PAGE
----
A connection to nature can benefit our wellbeing
The feel of warm summer sunshine or cold water. The autumn rustle of leaves under foot. The taste of winter rain. The spring smell of wild garlic. These are some of the natural sensations we might look forward to during the four seasons. Did you know experiences like these can also support your mental health?
The origin of the guidebook
The idea of the guide stems from a personal place, too. A few years ago I found myself, like many others, chasing my career while living in London. I was tired, stressed, anxious and rarely took time out to slow down. We were organising a wedding, commuting on busy trains for two hours each day, paying off debts and living in a flat surrounded on three sides by a railway line and two main roads. Although I had much to be grateful for, I did not have the headspace to really appreciate and relish it.
And then, prompted by talking therapy, I remembered a different way. I remembered something I had studied years before: the way a connection to nature can benefit your wellbeing. And I remembered the trips I used to take to the Lake District, to the Scottish Highlands, Snowdonia and elsewhere. Trips I didn’t have time or money for anymore – I thought – despite the fact that I worked in the environment sector.
The more I explored this, the more I realised how much was out there to enable us to access nature for our mental health. And I found an established and growing scientific evidence base showing how big and small ‘doses’ of nature could help reduce stress, anxiety, negative feelings, and encourage more positive feelings. So I got involved and set out to experience this first hand.
Rediscovering the benefits of nature
I took part in retreats organised by Change in Nature and Natural Change. Closer to home, I heard from family members how they found gardening, wild swimming, bird watching and trail running to help with their own all round wellbeing. I volunteered for the Wilderness Foundation, the Wildlife Trusts and Action for Conservation, and saw how their experiences in nature were helping people of all ages and backgrounds develop themselves and improve their mental and physical health. For some that was in a small city nature reserve, for others it was in the wilds of Scotland and Wales.
I also started practicing mindfulness at this time, at first as a seated meditation focused on breathing, but increasingly I realised that nature itself provides a perfect alternative focal point. As I took solo mindful walks I realised there was far more to be seen and heard around me than I had ever noticed before. The fourth side of our block of flats actually backed onto a narrow nature reserve along a old docklands creek feeding into the Thames. I started exploring this more closely and enjoying the wetland birds, including a grey heron, that frequented this tiny graffitied spot. And a short train ride took me into bigger open spaces.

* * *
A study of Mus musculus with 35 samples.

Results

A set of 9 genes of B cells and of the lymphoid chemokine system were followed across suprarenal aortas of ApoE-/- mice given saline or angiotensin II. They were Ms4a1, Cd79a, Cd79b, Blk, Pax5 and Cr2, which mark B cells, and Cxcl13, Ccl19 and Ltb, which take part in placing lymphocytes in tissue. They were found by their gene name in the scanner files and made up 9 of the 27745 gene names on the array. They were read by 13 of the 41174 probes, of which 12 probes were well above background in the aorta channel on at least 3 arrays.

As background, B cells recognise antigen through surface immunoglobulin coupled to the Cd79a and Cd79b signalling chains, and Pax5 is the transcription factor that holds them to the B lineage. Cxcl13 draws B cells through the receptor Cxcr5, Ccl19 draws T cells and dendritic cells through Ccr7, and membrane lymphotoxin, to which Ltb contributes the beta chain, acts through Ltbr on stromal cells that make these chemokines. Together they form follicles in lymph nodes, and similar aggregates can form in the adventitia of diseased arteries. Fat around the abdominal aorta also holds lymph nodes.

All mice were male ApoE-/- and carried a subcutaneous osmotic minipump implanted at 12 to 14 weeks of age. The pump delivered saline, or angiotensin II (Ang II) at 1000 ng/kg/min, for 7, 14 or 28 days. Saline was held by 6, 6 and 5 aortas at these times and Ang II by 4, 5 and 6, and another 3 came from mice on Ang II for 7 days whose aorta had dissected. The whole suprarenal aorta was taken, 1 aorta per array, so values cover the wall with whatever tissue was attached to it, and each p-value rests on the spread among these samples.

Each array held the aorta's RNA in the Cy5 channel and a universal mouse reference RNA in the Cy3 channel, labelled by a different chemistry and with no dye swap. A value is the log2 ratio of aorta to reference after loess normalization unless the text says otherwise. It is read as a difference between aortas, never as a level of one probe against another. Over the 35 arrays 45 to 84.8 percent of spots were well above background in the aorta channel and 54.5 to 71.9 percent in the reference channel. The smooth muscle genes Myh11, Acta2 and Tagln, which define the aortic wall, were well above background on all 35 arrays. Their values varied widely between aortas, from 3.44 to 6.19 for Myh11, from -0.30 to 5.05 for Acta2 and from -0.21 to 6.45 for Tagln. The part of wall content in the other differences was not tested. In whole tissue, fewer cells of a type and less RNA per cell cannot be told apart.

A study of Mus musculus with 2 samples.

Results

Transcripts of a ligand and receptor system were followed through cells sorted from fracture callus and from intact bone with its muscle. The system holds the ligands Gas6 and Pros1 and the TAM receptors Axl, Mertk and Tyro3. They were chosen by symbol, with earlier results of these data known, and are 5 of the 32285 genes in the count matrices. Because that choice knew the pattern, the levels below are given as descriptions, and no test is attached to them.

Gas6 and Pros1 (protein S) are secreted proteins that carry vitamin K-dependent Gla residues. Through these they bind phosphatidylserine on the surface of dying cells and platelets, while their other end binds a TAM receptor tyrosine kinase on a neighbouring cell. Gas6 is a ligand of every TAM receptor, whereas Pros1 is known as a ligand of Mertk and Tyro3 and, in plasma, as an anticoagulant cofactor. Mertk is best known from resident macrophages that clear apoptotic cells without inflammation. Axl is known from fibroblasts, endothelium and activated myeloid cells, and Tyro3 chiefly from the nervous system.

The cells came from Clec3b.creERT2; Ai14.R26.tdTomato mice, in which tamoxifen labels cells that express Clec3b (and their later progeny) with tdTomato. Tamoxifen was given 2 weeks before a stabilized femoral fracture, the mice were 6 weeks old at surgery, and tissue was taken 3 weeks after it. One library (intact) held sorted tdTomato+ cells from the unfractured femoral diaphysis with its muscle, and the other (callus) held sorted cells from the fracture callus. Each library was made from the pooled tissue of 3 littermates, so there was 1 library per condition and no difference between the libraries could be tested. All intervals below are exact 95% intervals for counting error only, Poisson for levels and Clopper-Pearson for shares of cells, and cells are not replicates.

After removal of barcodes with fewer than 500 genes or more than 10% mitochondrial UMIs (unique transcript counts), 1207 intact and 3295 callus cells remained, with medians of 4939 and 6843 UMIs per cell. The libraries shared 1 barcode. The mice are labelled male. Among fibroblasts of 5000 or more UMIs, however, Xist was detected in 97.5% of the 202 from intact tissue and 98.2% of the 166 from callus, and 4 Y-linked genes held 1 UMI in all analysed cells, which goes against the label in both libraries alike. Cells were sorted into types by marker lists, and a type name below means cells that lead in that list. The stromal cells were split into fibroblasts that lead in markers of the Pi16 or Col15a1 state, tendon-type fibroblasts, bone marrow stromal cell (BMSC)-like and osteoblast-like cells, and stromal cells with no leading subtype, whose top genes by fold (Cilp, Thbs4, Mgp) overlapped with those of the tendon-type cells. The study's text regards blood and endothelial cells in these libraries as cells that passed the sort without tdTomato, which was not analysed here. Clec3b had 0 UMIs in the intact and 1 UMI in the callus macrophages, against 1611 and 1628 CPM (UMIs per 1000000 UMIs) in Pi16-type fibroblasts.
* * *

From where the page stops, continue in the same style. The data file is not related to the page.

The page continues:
Sharing nature's benefits with others
This more mindful experience in nature led me to want to write, to describe and express what I had seen. This was therapeutic in itself. I wanted to share this with others so I started a creative writing blog and began running lunchtime mindfulness walks in the woods for colleagues. And this in turn meant people shared with me their own experiences and how it had helped them – perhaps improving their wellbeing on a given day specifically, or their connection to nature as part of an ongoing long-term recovery.
The guidebook can be a nudge to connect with nature
There are a tremendous set of organisations that offer more facilitated experiences, as one offs or more likely an ongoing program, as mentioned in the guide. But I felt there was something else that could help: something that might nudge those of us city living folks into finding a regular connection to nature ourselves, to maintain and support all of our mental health. So here came the guide. It is freely available and has been produced, as we call it, as a ‘guide for everyone’. Anyone, can pick it up and use it however suits them. It holds background information, practical ideas and, we hope, some inspiration to encourage its use. But the most important parts are the blank pages there for you to reflect on and express your experiences in nature in your own way.
There is no rocket science in here. For some folks, there will be familiar ground while for others it may all be new. Either way, we all need reminding and a nudge on difficult days to get outdoors. Unfortunately, for a surprising number of us, green spaces are not readily accessible, or we have become distanced from them. If this is you, I hope you are able to find a little sanctuary nearby that you may not have noticed before, or be inspired to venture further afield on a day when you feel able to.
A time to return to wildlife
This guide comes at a transformational time for us all. Our country is opening up slowly after the ‘lockdown’ period. Many of us have struggled with our mental health while separated from family and friends, and limited in our movements. At the same time there has been much discussion of the return of wildlife and our enjoyment of it. We now have an opportunity to start, carefully, enjoying time with loved ones again and get into the great outdoors more. I hope this guide helps you on that journey.
It is important for all of us to strive for a new normal in which we can thrive with nature.